Time & Attendance
Prevent Call Outs
Implementation & Launch
By James Tehrani
Nov. 6, 2014
A modest proposal for retailers this Thanksgiving: Let workers eat dinner — with their families.
Let them eat turkey, let them eat yams, let them eat pumpkin pie.
Let them be.
Ever since the Great Recession, many retailers have been playing a game of one-upsmanship with opening stores on Thanksgiving. Every year it seems to be getting earlier. JCPenney, for instance, just announced it will open its stores at 5 p.m. on Turkey Day this year, possibly to get a jump-start on department stores like Macy’s that plan to open at 6. That not good enough for you? Kmart opens at 6, too — 6 a.m. that is. It’ll also be open for 42 straight hours in case you forgot something the first time around.
Nothing says great customer service like long lines, sales prices that don’t ring up properly and overly tired workers.
With the growing list of stores that will open early on Thanksgiving this year, it’s nice to see some companies taking a stand and saying, “We can wait,” and not opening on Thanksgiving. They seem to have taken Annie’s advice to heart: “I love ya, tomorrow; you’re always a day away.”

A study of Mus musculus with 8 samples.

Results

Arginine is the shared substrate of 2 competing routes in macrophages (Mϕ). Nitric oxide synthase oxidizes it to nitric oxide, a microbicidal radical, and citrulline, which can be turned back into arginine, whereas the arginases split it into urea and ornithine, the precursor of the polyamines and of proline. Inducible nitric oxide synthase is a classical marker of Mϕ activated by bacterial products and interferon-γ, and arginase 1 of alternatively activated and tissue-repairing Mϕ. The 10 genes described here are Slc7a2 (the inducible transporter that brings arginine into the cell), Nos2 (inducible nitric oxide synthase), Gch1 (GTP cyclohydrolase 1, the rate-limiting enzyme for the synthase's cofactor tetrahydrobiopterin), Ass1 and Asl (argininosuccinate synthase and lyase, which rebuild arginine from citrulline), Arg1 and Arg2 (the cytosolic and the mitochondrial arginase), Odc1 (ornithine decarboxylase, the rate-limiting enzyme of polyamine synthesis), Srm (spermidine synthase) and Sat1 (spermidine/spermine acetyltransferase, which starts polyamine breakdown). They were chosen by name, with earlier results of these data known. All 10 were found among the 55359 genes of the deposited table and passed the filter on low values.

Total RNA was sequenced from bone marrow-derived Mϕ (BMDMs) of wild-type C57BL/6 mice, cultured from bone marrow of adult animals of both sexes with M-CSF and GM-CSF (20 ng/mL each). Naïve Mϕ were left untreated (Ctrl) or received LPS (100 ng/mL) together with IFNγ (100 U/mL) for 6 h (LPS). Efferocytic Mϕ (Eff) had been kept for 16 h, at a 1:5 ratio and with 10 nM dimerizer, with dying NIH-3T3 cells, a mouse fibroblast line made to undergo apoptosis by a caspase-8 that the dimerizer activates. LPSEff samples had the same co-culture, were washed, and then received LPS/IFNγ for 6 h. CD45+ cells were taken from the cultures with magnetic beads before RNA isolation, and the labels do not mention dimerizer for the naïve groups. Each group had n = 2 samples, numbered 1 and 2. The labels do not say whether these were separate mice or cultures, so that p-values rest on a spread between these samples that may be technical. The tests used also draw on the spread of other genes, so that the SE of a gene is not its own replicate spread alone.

In other words, a “door-buster” on Thursday isn’t any better than a “door-buster” on Friday. People will come.
And don’t give me this “customers want to start shopping at 5 p.m. or 6 p.m. on Thanksgiving” nonsense. Customers have the Internet to buy stuff whenever they like. Consumers also went decades without shopping on Thanksgiving, and they liked it — or at least lived with it. That’s why Black Friday became such a big deal for shopping.
Craig Johnson, president of the consulting firm Custom Growth Partners, said it best when he told Time: “There is a law of diminishing returns,” he said: “Stores that open on Thanksgiving ‘risk cannibalizing’ sales that they would have made at another time.”
Workers deserve the chance to eat with their families just like anyone else. Thanksgiving dinner at 1:30 to get to work by 4 to open by 5? Bah humbug to that.
Here’s hoping retailers start realizing Thanksgiving sales aren’t about “gravy” as much as they are about overcooking the bird.